Have you been approved for long-term disability benefits or are you in the process of applying for them? If so, you are probably wondering how long those benefits will last. The stress of dealing with an injury, disease, or other medical maladies is hard enough without having to think about your day-to-day expenses and keeping a roof over your head.

When we work with clients at Roy Law Group, we frequently get this question, and we are here to help.

How long does long-term disability last?

Under most long-term disability insurance policies, once you become eligible to receive benefits, you are entitled to continued benefits for as long as you meet the policy’s definition of disability. However, in no event will your benefits ever last beyond the termination date of the policy.

Generally speaking, the termination date for most policies is age 65 or Social Security Retirement Age, whichever is a longer period of time.

What is the definition of a disability?

Under most policies, you are entitled to disability benefits if you are unable to work in your own, regular occupation.

These “own occupation” or “regular occupation” benefits often only last 24 months. After 24 months, many policies change the definition of disability for own or regular occupation to “any occupation.”

Under most policies, you are entitled to disability benefits if you are unable to work in your own, regular occupation.

“Any occupation” is a term that can be defined in many different ways. Some policies define “any occupation” as any job you can work based on your training, education, and experience. This is a very broad definition. If your policy defines “any occupation” in this way, then if you can work in any job at all, you will not be considered disabled and your benefits will cease after 24 months.

Other policies define “any occupation” as any job you can work where you can make a specified percentage of what you were earning before you became disabled as defined by your policy. In these cases, where the policy contains an income qualifier, if you are unable to make at least a certain percentage of your income, you will remain entitled to disability insurance benefits.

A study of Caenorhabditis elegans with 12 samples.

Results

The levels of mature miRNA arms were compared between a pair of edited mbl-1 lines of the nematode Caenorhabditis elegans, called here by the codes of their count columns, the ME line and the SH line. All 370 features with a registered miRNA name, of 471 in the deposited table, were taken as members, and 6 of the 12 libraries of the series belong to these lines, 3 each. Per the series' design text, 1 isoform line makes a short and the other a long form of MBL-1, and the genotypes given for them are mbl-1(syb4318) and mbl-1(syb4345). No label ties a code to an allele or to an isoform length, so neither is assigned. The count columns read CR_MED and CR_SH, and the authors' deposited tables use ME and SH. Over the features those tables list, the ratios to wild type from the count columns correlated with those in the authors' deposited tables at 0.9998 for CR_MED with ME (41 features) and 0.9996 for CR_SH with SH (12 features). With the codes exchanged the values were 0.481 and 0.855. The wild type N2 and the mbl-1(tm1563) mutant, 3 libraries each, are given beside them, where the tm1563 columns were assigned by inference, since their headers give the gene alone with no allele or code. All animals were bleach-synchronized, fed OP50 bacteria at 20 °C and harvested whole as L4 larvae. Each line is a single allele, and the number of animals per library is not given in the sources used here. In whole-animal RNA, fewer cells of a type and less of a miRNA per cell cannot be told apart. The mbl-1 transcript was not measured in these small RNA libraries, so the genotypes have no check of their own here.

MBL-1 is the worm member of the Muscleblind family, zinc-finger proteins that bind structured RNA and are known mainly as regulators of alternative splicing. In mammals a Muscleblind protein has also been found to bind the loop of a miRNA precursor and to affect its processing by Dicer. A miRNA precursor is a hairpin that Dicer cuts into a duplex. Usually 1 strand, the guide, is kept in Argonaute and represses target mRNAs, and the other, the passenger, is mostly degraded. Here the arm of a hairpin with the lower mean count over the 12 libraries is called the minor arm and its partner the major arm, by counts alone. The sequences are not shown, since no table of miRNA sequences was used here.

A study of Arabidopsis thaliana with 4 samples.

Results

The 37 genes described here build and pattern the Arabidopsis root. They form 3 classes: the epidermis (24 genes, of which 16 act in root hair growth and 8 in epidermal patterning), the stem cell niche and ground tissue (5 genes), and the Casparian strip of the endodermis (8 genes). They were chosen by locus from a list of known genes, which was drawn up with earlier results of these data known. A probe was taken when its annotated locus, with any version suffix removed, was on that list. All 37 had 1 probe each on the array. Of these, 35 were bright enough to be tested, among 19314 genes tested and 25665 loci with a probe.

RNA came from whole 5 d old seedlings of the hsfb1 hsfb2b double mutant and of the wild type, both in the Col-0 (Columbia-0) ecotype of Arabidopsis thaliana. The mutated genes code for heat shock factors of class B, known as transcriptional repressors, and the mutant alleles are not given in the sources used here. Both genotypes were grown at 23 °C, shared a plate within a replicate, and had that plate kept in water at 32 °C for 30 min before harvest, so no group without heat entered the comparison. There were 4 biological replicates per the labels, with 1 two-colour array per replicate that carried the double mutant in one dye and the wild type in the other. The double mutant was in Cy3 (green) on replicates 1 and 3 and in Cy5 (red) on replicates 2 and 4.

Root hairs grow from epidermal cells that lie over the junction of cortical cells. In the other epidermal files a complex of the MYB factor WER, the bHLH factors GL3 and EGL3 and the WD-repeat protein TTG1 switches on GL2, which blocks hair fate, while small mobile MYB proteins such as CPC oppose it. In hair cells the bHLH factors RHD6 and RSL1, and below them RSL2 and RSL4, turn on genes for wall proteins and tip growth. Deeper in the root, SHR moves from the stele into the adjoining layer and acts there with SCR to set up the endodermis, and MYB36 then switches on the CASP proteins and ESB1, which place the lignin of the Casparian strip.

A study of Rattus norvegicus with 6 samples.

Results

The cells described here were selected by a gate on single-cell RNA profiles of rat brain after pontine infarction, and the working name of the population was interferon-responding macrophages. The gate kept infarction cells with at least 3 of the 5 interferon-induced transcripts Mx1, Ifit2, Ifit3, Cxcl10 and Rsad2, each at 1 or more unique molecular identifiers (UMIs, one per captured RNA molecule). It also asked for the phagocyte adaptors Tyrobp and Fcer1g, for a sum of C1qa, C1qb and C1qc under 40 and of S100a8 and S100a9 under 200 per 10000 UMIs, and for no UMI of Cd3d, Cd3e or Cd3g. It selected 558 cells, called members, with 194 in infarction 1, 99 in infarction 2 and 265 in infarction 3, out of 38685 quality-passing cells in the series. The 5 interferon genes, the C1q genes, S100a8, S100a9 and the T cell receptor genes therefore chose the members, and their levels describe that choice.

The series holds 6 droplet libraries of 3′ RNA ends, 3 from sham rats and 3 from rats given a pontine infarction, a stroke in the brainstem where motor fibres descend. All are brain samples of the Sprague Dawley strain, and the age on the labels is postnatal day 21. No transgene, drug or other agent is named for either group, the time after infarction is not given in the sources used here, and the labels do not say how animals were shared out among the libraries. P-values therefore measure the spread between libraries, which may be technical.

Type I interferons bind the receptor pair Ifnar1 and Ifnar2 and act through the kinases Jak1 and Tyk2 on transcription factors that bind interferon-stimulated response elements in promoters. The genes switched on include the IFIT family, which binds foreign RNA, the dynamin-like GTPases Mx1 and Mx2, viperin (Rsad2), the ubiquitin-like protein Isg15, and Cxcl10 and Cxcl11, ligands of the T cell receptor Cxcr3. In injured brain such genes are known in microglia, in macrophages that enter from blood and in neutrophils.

How insurance companies cut off your benefits early

Insurance companies harass people. It is what we have built our entire practice on because the law allows them to do “whatever is reasonable” to vet your claim.

“Reasonable measures” may include:

  • Independent medical exams (IMEs), which are in-person medical exams performed by the insurance company’s own doctors
  • Questionnaires or other forms your insurance company constantly demands you fill out and return within a short period of time
  • Attending Physician Statements that your insurance company sends directly to your doctors, demanding detailed information about your medical condition(s)
  • Medical record requests your insurance company periodically sends out to review your medical treatment and insurance you are seeking, where they determine if you are receiving appropriate care for your medical condition(s)

If your claim is denied, don’t give up

There are teams of people – physicians, nurses, and attorneys – that determine the continued validity of your disability claim.

Insurance companies are great until they are not and are looking for ways to deny you. Once you are approved, even if you have a permanent disability, they will be reviewing your claim in the above manner and looking to find any reasonable ways to deny your claim.

If your claim has been denied, we urge you to call Roy Law Group for free disability claim advice. The team at Roy Law Group knows the subtle and complicated aspects of disability law – it is all we do. We do the work, so you can focus on what is important. You.

Contact Roy Law Group right away to set up your consultation!